Will JavaScript type annotations kill TypeScript?
The creators of Svelte and Turbo 8 both dropped TS recently saying that "it's not worth it".
Yes: If JavaScript gets type annotations then there's no reason for TypeScript to exist.
No: TypeScript remains the best language for structuring large enterprise applications.
TBD: The existing user base and its corpensource owner means that TypeScript isn’t likely to reach EOL without a putting up a fight.
I hope they both die. I mean, if you really need strong types in the browser then you could leverage WASM and use a real programming language.
I don’t know and I don’t care.
Cloud Native Ecosystem / Storage

New Ebook: The New Stack’s Quick Guide to Cloud Native Storage

This quick guide explains the differences between cloud native storage vendors, traditional storage hardware vendors and cloud service providers.
Oct 1st, 2019 6:00am by

Managing state in enterprise applications has changed with cloud computing and container architectures. It previously meant storing data in databases that were installed on hardware and managed to run stateful applications that were often governed by strict service- level agreements (SLAs). Enterprises had figured out how to handle state in an on-premises world. The challenge comes in the move to the cloud when many companies continue handling state in essentially the same way they used to on monoliths — at least until they learn the hard way not to do so.

To understand where we are now when it comes to managing state in cloud native applications, The New Stack published a series of feature articles comparing how cloud native storage vendors, traditional storage vendors and cloud service providers approach issues of state and storage in cloud native architectures.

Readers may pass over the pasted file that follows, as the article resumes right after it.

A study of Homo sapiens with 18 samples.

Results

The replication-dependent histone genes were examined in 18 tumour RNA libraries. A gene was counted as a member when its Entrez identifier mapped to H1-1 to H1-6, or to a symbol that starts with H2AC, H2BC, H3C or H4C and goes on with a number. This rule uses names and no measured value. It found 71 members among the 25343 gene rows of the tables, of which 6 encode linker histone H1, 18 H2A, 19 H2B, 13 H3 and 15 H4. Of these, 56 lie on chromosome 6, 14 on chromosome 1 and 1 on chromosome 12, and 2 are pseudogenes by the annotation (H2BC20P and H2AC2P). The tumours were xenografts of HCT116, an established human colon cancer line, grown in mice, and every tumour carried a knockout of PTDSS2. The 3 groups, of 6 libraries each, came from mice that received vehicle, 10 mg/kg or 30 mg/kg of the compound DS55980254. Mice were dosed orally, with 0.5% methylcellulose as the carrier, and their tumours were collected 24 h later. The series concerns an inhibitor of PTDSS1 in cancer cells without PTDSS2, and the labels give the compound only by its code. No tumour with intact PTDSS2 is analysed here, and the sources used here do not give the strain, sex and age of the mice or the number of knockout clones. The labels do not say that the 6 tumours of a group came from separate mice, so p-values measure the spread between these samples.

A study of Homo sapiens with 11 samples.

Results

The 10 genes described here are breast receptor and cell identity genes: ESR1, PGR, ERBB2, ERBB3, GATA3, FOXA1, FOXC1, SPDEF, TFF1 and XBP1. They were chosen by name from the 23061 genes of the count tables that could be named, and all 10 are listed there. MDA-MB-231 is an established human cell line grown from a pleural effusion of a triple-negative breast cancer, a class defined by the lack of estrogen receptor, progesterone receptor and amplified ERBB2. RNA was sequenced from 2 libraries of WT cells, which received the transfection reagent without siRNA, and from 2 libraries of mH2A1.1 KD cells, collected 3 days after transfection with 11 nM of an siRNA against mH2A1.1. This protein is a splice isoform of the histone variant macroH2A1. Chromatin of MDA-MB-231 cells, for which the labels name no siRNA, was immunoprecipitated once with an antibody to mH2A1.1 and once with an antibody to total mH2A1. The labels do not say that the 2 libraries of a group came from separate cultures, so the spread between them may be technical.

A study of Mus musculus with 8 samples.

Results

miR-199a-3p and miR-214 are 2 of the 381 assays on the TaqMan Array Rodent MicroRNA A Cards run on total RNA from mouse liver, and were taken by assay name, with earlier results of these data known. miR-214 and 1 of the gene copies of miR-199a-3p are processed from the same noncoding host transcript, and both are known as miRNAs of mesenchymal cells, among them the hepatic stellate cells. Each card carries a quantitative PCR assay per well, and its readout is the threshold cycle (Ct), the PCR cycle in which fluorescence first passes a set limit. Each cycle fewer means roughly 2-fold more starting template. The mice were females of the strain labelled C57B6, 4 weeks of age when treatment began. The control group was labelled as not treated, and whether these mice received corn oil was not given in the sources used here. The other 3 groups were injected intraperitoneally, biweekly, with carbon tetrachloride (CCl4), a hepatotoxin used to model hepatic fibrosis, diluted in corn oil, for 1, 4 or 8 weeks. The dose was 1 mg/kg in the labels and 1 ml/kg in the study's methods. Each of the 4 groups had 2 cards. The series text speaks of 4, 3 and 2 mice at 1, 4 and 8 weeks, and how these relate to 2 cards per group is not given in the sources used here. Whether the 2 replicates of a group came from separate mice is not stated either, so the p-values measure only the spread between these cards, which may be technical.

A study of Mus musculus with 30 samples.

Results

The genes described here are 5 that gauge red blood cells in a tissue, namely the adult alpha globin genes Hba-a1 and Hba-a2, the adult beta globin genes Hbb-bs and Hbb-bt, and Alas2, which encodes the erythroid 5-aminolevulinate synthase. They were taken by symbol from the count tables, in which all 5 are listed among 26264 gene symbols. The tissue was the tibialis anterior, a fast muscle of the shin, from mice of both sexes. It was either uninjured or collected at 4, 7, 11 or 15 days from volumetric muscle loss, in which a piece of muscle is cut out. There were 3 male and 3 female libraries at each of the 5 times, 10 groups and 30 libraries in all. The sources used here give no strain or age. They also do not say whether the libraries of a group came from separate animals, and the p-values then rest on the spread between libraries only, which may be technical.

We have since rounded out the reporting with an overview on “the state of state” and edited the series into a comprehensive ebook on cloud native storage, sponsored by NetApp. We aim to help developers and DevOps understand the differences and options they have, for storage in cloud native applications.

In this 48-page quick guide to cloud native storage, you’ll learn about:

  • How best to connect cloud native apps to storage.
  • How Kubernetes works with storage.
  • Differences between cloud native storage vendors, traditional storage vendors and the big-three cloud providers.
  • DevOps considerations for provisioning and managing storage.

Cloud Native vs. Traditional vs. Cloud Service

It’s important to remember some key facts: Containers were designed to be stateless. Kubernetes was designed to orchestrate stateless, ephemeral, immutable containers. At first, any state that these applications needed was just stored externally in silo’ed storage devices and accessed with volume plugins.

But as companies start seeing how Kubernetes and containerized architectures can increase application agility and speed, there’s been an increasing push to package more and more applications in containers, and to use Kubernetes to manage both compute and storage resources.

State can now be handled inside of stateful containers via storage services or through different kinds of storage systems.

This quick guide explains the differences between container-attached, software-defined storage, cloud storage provided by traditional storage hardware vendors and the native options from cloud service providers. In many cases, enterprises will build a strategy for running stateful applications in containers using options from at least two, and often all three, categories. Download “The State of State: New Approaches to Cloud Native Storage” to learn more.